The Dare to Live the Truest Thing {Five Minute Friday}

winepress_neot_kedumimImage source.

My heart is blessed as I look back to the very first five minutes I spent nervously sewing together syllables on starting out small and living the truest thing. If you had told me back in August that this cup of words would be overflowing, and that my heart would be transformed through this gathering of women, I scarcely would have believed.  I know now that Hannah’s invitation to the party was the Lord’s tangible provision.

A moment of confession? I’m not much for having consistent quiet times, but the Lord will often bring to mind a verse or story that I think about throughout the day. Frequently, I find myself asking Him what He is trying to speak into my life through that particular piece of scripture.  Lately, I have been meditating on the story of Gideon.

Gideon was the smallest man in the weakest tribe.  When the angel of the Lord came to him, he was found hiding, crouched down in a wine press to thresh wheat. And all at once, I realize how much of my life, my one and only life here, is spent the same way: in fear of being discovered by that which knows and desires to exploit my weakness.

We have an enemy who revels in stealing, killing, and destroying, and the target is our joy. And he knows so well that if he can just gnaw away at our joy, our strength wanes in tow.

But our hearts are never hidden from the call of the Almighty. He has a way about Him, always reaching into our most vulnerable and dark places.

The angel said to Gideon, “the Lord is with you, mighty warrior.”

Um, excuse me, I think you must have the wrong person, Lord. Surely, if you knew me — if you knew about my anxiety, my depression, my addiction, my baggage,  how I hurt that person; surely, if you knew what other people were saying about me, you wouldn’t be calling me mighty warrior. 

We all have our stuff that keeps us from getting out of the boat. Stuff that we think disqualifies us.  Gideon replies that he cannot possibly defeat the enemy, as he does not have the strength.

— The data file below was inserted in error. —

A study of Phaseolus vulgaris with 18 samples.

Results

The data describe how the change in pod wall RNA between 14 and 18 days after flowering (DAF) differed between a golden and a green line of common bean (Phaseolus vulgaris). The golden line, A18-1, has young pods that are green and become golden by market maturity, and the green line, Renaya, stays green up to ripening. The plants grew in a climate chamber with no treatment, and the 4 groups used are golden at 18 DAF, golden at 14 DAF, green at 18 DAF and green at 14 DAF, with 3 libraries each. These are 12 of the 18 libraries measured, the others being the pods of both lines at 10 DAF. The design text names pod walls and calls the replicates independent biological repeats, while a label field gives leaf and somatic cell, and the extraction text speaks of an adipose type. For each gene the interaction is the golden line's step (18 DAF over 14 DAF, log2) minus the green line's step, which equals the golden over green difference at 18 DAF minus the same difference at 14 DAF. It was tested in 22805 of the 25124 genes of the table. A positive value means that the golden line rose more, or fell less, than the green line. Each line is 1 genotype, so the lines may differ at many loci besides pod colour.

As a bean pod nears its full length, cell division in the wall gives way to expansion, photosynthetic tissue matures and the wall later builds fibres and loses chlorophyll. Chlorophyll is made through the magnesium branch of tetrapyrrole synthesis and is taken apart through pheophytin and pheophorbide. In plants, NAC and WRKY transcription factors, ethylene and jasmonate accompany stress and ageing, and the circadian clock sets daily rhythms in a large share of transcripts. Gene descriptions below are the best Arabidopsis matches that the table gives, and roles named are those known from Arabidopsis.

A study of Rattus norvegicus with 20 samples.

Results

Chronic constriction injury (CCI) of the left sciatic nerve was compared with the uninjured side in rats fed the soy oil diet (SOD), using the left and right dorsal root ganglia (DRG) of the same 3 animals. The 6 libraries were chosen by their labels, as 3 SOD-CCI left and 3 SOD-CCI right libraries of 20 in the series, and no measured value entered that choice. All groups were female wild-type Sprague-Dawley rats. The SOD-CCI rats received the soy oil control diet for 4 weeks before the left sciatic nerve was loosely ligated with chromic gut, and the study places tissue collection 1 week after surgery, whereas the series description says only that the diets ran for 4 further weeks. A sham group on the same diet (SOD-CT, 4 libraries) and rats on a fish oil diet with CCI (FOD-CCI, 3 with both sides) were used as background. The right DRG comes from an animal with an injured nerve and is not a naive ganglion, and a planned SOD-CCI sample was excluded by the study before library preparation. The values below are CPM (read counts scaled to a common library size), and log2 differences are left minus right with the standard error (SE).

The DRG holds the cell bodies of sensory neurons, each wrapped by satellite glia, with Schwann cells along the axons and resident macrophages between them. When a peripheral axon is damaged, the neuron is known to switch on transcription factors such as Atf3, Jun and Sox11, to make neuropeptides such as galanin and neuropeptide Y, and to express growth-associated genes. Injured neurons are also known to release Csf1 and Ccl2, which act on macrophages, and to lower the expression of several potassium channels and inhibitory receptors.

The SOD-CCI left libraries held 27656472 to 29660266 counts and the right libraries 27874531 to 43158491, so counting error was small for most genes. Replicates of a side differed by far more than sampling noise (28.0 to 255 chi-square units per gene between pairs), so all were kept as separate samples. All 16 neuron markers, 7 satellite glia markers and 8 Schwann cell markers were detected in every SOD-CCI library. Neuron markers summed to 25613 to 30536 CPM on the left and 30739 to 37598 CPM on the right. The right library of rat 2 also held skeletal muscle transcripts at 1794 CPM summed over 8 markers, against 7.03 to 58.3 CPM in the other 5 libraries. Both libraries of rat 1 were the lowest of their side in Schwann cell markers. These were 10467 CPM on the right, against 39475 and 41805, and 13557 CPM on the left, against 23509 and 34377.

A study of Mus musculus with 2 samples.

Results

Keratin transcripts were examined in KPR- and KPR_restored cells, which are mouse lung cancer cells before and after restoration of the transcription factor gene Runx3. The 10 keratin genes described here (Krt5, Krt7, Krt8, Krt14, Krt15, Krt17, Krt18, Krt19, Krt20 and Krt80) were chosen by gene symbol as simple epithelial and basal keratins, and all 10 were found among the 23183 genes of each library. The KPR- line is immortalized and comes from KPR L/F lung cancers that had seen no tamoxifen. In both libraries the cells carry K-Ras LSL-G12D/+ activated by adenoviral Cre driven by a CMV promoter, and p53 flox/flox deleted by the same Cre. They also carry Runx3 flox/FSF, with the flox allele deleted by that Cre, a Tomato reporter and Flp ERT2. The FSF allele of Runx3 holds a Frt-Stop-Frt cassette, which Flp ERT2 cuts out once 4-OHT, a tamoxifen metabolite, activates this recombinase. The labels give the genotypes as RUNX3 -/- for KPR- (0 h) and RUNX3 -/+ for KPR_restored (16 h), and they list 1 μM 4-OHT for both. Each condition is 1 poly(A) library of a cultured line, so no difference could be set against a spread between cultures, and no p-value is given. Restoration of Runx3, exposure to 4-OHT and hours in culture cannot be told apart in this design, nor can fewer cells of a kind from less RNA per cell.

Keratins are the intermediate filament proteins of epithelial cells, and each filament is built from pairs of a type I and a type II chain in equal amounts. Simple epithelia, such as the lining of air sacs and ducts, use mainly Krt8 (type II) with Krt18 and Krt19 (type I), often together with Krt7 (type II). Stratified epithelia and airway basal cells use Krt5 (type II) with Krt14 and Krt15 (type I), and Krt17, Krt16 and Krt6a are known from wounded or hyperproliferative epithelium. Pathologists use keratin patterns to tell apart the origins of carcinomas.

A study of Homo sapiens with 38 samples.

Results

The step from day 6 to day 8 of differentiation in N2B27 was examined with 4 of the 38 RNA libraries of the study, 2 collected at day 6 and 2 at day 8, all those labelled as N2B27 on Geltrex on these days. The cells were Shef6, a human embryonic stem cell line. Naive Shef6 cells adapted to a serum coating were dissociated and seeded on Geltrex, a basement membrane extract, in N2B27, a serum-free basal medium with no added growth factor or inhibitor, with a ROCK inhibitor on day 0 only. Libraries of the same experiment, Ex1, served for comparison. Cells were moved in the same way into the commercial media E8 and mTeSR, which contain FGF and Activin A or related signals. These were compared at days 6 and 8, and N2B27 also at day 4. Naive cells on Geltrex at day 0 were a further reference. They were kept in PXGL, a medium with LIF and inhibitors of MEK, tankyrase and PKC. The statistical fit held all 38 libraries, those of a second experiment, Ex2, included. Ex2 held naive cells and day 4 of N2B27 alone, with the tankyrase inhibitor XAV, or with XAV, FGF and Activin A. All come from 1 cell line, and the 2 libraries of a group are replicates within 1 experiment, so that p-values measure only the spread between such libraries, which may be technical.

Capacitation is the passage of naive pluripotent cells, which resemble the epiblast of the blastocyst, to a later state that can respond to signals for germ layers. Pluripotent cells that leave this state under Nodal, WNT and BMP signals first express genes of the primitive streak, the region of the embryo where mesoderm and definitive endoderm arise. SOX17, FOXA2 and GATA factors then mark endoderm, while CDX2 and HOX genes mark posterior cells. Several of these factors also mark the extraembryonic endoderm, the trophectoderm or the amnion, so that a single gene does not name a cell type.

The miracle of grace is that our baggage is not the banner waving over us {Click to Tweet}. The Lord tells Gideon to go in the strength that he has. He tells Gideon that He will go with him.

And there it is, in front of my eyes in scripture: a dare to live the truest thing I know. The call to step out of the boat in faith, knowing that his voice calms the swell of the waves.

Because the Father’s joy is to make a way where there seems to be none, to come to the smallest, the least likely, and accomplish the unthinkable. Gideon went in the strength that he had, and defeated the enemy.

I wonder what strength I have. Is it the strength to say a kind word when I am feeling frustrated? The strength to be patient with the unhurried daycare worker when I am late to a visit between a mother and her child? The strength to speak life into that mother’s heart, even though it seems as though the deck has been stacked against her?

Sometimes it takes all the strength I have to get out of bed and come to this job again. But then, I realize that we, too, have been given the ability to reach into the pain in the lives of the people around us and come alongside them.

The most appropriate response to the gift of grace is to give — give beyond what we think we can, knowing that the Lord will supply all of our needs according to His riches in glory.

This, this, is how we overcome.

 

Sharing words and shaping culture with some of the most gracious women on the planet today at Lisa-Jo’s place. I guarantee, you don’t want to miss out on this party.  


    • Erin Salmon

      How miraculous to know that grace was finished at the cross and through the resurrection, and that we don’t have to strive to accomplish it ourselves. Love you, Jacqui!